Southern Fried Chicken Inspired by the Belle Meade Country Club, Nashville, TN

by R.B. Quinn and Min Merrell
How to fry chicken at home

Southern fried chicken at home is not as hard as you think. 

On the first Tuesday of each month the phones at Belle Meade Country Club in Nashville light up with orders for their “Gourmet Take Away” fried chicken dinners. If you snooze, you lose, even at Belle Meade, because the kitchen only makes about 50 orders and not a one goes unclaimed. They sell out because the fried chicken is spectacular, simple as that. Two days later, reheated in a toaster oven, it’s still spectacular. 

We don’t make fried chicken at home much anymore. It’s a messy project most of the world has delegated to restaurant chains and chicken wing joints, all of which have pretty much wrecked the dish with much too much thickly battered skin and salt. Not at Belle Meade, where the battered crispy skin-to-meat ratio is perfect. 

We arranged a sit-down with BMCC executive chef John York because we had to know what he was doing back there. The North Carolina native who has enjoyed a successful career cooking in private club kitchens across the country much prefers working in the South with its “huge culinary tradition and plenty of real cooks.” And real eaters who clamor for his chicken, among other things. But, what about frying chicken at home?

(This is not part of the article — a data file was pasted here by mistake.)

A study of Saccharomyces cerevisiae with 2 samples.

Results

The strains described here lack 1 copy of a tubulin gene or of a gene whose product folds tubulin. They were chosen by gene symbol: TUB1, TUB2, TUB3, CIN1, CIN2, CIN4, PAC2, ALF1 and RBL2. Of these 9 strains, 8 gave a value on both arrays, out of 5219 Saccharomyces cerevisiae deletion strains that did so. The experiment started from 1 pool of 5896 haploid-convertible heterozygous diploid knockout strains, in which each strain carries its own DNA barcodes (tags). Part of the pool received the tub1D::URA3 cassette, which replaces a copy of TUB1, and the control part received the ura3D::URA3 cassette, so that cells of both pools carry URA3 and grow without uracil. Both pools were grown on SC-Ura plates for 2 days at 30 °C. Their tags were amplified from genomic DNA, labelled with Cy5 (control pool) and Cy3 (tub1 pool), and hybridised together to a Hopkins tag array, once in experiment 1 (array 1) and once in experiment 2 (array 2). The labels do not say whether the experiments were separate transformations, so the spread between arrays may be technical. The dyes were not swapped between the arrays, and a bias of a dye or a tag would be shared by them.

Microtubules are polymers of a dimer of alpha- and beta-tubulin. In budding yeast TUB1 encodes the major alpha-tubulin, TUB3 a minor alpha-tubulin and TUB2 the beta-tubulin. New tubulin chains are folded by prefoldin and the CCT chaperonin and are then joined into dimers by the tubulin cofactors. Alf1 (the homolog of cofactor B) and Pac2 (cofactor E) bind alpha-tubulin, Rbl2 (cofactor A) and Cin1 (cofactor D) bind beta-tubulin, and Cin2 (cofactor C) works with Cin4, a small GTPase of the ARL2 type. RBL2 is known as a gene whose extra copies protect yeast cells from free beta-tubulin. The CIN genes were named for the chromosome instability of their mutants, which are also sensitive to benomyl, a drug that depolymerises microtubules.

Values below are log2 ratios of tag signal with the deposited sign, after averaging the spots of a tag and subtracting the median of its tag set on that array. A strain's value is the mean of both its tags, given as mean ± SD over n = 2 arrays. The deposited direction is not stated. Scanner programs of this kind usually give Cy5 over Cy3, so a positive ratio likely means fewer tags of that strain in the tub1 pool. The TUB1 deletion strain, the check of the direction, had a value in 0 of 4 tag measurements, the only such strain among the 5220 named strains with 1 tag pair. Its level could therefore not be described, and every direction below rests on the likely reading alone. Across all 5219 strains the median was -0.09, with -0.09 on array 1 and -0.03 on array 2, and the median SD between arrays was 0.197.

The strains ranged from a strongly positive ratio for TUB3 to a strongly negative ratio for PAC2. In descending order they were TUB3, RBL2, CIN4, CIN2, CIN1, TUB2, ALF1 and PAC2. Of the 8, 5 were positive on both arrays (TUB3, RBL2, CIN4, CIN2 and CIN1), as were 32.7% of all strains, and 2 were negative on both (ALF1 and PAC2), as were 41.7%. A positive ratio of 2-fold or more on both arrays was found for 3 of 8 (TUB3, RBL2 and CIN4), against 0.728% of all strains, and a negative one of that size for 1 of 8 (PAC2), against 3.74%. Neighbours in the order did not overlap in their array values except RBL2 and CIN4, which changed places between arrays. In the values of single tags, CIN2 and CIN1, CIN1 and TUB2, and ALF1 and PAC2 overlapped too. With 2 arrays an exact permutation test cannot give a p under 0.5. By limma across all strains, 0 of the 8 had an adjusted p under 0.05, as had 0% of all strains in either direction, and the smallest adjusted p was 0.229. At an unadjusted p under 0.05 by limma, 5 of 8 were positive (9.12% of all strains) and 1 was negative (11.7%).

Chef York’s secret is an innovative egg wash brine which handily combines a salt brine with an egg wash in one stroke.  “Chicken needs a brine,” he said, “especially the breast meat.  Lots of folks soak chicken in buttermilk, which is a great tenderizer, but buttermilk tends to turn the chicken dark and it doesn’t look too good when it’s fried.

The BMCC chicken rests in the salty egg wash overnight and the next day it’s ready for flouring and frying. Chef York is a purist about seasoning chicken for frying – just salt, freshly ground black pepper, and paprika for color. To test the seasoning in the flour, he fries a test wing. We recommend this step at home because you’ll want an incentive snack while you work. Chef York also recommends frying white meat separately from dark meat – the dark needs to cook a bit longer and it’s easier to manage same size pieces per batch. 

Our results were spectacular, too, and well worth the effort and moderate mess. Chef York’s egg brine was so smart and easy that we’ll definitely fry chicken more often, and you should, too. A good, big pan for frying and a couple of thermometers (for chicken doneness and oil temp monitoring) are all you’ll need. Just take your time and be careful around hot oil. Really delicious Southern fried chicken at home will change the way you think about that big bucket.